Global report on food security calls for policy change
An independent commission of scientific leaders from 13 countries, including Australia, has released today a detailed set of recommendations to policy makers on how to achieve food security in the face of climate change.
The Commission on Sustainable Agriculture and Climate Change (CSACC) has released the report, titled ‘Achieving food security in the face of climate change’.
The CSACC report outlines seven recommendations to help governments, agribusiness and food companies deliver evidence based and long-term, regional solutions. The report recommends a move towards climate-resilient agricultural production, efficient resource use, low-waste supply chains, adequate nutrition and healthy eating choices.
CSIRO outlines Australia’s role in food security measures
Dr Megan Clark, Chief Executive of CSIRO, Australia’s national science agency, represents Australian science on the CSACC.
Dr Clark said, “This global science effort has analysed existing diverse scientific and cultural knowledge to determine leverage points in the world’s food system and to identify policy actions to address the growing challenges.”
According to CSIRO, a major transformation in the food system is needed to address future threats to food security.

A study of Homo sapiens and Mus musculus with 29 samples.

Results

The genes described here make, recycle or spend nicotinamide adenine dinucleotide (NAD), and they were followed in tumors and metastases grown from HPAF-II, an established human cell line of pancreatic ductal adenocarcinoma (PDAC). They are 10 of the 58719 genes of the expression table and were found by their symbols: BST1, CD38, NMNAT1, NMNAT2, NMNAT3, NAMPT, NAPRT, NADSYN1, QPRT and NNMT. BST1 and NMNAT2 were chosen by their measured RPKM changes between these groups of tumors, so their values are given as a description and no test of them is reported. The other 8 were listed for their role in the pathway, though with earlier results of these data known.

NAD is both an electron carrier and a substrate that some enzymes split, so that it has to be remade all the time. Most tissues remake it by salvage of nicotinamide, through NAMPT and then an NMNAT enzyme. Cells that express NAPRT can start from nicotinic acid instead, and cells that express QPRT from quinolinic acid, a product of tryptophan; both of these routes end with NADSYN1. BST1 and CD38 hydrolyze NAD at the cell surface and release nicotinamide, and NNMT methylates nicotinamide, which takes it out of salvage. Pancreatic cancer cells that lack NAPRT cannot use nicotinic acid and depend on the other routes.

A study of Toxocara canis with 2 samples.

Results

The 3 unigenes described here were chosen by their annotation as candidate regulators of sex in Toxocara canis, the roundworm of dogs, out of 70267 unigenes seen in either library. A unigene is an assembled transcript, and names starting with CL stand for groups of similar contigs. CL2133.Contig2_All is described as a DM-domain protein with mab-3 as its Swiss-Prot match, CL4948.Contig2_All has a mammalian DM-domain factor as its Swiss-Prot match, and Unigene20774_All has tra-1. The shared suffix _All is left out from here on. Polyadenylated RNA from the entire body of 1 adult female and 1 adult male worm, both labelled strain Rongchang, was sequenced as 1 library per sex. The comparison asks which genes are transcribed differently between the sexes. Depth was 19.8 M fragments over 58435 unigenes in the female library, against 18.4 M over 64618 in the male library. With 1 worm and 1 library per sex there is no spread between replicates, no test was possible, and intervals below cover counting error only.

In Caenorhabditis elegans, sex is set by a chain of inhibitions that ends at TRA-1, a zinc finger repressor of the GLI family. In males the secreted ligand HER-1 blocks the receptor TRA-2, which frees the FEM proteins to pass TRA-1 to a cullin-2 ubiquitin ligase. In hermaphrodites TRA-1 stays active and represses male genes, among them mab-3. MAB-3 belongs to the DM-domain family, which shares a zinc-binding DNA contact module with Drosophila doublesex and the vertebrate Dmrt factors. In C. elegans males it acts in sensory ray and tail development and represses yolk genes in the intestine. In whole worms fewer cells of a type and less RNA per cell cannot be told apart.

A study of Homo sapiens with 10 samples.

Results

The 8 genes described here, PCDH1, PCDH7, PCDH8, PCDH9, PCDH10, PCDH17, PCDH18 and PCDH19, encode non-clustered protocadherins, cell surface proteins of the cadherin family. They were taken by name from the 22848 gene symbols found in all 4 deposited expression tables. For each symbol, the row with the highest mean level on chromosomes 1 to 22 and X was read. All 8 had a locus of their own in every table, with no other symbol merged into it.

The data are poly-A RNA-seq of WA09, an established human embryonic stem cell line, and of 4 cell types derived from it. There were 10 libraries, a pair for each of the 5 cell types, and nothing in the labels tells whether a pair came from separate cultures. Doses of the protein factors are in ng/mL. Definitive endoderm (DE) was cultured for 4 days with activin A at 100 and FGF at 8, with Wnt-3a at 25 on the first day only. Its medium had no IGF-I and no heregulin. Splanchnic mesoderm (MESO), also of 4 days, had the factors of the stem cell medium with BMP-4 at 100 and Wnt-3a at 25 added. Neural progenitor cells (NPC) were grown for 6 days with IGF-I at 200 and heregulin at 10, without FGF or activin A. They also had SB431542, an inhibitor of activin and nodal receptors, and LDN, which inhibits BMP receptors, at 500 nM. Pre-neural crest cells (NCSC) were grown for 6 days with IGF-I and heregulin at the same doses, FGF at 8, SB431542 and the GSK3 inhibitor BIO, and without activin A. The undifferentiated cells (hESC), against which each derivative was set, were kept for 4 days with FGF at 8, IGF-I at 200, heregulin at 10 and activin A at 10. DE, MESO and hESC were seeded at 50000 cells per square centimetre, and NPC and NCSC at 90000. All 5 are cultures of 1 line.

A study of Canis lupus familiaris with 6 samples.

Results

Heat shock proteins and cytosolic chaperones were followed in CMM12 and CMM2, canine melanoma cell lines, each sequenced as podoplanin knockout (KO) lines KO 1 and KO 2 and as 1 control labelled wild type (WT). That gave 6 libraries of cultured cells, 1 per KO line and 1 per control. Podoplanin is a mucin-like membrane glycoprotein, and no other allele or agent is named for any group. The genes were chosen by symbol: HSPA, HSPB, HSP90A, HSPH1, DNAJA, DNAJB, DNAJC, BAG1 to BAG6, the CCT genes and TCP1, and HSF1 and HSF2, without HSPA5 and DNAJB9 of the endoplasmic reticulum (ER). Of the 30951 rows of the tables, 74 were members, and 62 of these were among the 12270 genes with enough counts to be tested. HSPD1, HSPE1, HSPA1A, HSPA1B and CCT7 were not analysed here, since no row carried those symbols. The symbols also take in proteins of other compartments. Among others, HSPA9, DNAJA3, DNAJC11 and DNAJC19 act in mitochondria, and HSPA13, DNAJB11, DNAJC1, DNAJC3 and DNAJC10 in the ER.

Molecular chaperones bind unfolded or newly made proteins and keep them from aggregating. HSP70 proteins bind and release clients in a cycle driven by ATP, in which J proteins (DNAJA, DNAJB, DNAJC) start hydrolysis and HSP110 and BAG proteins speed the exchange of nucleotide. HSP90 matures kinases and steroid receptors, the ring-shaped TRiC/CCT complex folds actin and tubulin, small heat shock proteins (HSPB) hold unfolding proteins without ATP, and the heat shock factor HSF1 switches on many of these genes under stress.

CSIRO’s Deputy Director of Sustainable Agriculture, Dr Peter Carberry, said Australia has an important role to play. Dr Carberry said, “For our nation, this report reinforces the critical role our science plays in the global food system, identifying priorities at the global scale across sometimes conflicting issues.
“Australian agriculture accounts for at least 25 per cent of the country’s greenhouse gas emissions – a figure similar to the global average. We need to contribute to the global challenge of reducing greenhouse gases from agriculture by 50-80 per cent by 2050 while, at the same time, contributing to a 30-80 per cent increase in global food production,” Dr Carberry said.
CSIRO said it is working with Australian farmers, industry and government to enable the continued productivity of agriculture in Australia, while reducing our environmental footprint.